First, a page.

Experts are those who have mastered a technique. Their specific set of experience qualifies them to have the answers to a specific set of questions. For instance, an expert in ecommerce has launched ecommerce sites. They have evaluated, implemented, and worked with back-end platforms. They have dealt with logistics like fulfillment, order tracking, and managing returns. They have executed protocols for buying online and returning in-store, and vice versa. They can tell you what to expect in each of these areas, and they are familiar with the nuances and intricacies that have arisen along the way. But, this expertise is generally limited to what they have dealt with in their specific experiences.

Thought leaders, on the other hand, have taken their expertise further. They don’t stop at what they know from experience. They have, and continue to, expand on it, putting themselves in a perpetual state of evolution. They persist in what they do not know with no end in sight. There is no moment they are satiated or feel they have all of the answers. Thought Leaders practice chronic questioning, are genuinely open to receiving different answers, and give themselves the space to process, reflect on, analyze and brainstorm what this could mean and why. In a world that is moving quickly, and where disruption and innovation are ongoing, created a thought leadership practice is critical to being a leader and thriving amidst the chaos. 

There’s no magic pill to become a thought leader. 

To be a thought leader, there is one thing that is totally necessary, and that is to be committed to evolution. But it goes far beyond a simple affirmation. It means being willing to admit you don’t have all the answers, committing to being a chronic questioner, and actually listening to the signs and answers you receive.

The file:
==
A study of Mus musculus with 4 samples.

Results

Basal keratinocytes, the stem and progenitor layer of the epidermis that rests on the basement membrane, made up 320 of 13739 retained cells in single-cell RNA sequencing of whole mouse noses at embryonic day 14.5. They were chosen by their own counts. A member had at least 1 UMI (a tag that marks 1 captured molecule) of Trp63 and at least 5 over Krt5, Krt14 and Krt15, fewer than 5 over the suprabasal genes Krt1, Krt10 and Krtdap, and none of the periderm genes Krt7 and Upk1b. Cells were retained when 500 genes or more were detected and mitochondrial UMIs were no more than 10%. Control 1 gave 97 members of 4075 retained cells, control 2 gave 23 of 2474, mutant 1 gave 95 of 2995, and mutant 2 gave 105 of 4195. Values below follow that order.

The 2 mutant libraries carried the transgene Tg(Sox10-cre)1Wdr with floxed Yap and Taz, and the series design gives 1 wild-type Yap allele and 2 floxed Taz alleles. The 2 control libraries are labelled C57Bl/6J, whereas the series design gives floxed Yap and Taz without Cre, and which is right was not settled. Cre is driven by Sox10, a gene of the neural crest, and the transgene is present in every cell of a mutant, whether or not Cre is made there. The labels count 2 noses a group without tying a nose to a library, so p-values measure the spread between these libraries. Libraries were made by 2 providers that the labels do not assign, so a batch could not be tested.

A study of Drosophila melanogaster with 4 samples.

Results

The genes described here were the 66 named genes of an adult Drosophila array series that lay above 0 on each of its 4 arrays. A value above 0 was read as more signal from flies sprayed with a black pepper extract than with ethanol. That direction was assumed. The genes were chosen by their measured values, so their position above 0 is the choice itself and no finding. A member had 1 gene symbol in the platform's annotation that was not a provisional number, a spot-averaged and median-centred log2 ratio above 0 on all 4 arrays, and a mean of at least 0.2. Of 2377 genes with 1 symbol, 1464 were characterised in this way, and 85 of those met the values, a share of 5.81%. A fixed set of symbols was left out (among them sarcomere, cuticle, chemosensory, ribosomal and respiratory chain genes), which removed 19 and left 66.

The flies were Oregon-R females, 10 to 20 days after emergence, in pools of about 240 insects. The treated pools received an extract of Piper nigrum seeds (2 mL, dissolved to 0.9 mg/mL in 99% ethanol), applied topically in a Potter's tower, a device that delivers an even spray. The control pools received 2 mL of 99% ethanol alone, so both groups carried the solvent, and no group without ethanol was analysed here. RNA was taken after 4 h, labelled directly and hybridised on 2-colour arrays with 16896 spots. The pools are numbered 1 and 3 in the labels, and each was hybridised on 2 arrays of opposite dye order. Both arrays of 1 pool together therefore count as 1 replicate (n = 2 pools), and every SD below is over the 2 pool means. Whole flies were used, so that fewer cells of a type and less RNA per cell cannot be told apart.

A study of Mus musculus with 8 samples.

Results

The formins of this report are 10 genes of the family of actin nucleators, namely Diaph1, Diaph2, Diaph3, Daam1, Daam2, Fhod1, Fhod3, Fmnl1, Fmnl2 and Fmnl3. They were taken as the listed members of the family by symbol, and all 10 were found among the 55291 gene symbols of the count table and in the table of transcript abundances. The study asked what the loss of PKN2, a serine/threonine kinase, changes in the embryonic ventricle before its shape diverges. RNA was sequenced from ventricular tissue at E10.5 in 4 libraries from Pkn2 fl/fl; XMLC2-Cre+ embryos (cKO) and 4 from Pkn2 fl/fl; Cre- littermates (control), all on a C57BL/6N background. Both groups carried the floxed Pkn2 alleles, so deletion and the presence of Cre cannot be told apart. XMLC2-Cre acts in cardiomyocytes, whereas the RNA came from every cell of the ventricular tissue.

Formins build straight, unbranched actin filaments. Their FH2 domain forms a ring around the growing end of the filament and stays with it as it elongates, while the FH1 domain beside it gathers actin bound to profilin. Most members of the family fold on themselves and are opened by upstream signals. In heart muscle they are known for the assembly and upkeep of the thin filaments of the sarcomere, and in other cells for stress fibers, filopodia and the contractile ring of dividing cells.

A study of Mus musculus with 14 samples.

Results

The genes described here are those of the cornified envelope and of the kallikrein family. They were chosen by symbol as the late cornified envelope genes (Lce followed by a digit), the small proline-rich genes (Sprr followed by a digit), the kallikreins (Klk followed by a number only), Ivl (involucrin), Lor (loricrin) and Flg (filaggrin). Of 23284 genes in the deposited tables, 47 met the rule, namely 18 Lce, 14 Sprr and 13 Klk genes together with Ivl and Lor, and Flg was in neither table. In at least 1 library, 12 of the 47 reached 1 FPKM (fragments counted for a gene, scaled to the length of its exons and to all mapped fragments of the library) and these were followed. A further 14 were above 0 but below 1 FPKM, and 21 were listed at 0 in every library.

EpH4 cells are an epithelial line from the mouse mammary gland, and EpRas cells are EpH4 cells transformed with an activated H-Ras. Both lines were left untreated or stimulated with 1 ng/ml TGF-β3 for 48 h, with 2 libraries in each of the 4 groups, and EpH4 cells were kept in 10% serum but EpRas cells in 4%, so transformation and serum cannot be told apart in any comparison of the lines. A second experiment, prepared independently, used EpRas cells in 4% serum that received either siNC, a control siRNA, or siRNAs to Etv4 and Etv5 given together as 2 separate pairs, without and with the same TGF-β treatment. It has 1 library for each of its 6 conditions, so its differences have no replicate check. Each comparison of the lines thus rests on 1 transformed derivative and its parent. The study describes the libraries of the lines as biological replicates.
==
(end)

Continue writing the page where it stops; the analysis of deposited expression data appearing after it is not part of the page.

But that’s not all. Maybe the most important piece, and the hardest, is about leaning into whatever fears or “oh shit” realizations arise along the way. When confronted with a challenging piece of information, event, or any obstacle that blocks the path, an expert navigates around it with strategy rooted in the past. This can work (and even work well), but this approach is not without limitations.

For most people and companies, we are unwelcoming when something blocks our way. It's a nuisance, a hinderance, or worse. We just want it to go away so we can move forward quickly. This thinking contributes to a willingness to apply band-aid solutions, which can work for a while, but usually end up doing more damage than good. On the other hand, if we pause, and question, and lean into this unwelcome obstacle, we can reach new depths of understanding it. This is were the power lies. This is the edge a thought leader has to an expert.  When a thought leader leans into an obstacle, they come out of it with a perspective that is not just based on historic solutions, but on an intimate knowledge of the issue now, and what it means into the future. Whatever strategy is applied next is then grounded in a deeper truth, ultimately creating a stronger and longer foundation for that strategy to take hold and succeed.  

The most impressive executives I’ve come across are those who show up to meetings open and receptive to the dialogue around an obstacle, and where that dialogue might lead. They cultivate an atmosphere of inquisition amongst their team, and the questions, ideas, and critiques and that come from this ultimately lead to more thought-out, collaborative and innovative solutions. These are always the brands that are leading the industry forward. These are always the companies that are laser focused on thriving instead of merely surviving a trying industry and fickle customer.

The most interesting and grounded people I’ve encountered in my life are not those that have all the answers, but instead those that are confident enough to ask questions from a place of genuine curiosity. These people don’t just have “experience” that adds up on a resume, they instead have stories to tell; and their contributions, whether those be to a conversation, a relationship, a company, or a cause, are so much richer and magnetic because they are in alignment, and there is a contagious excitement that pulsates from them because of it.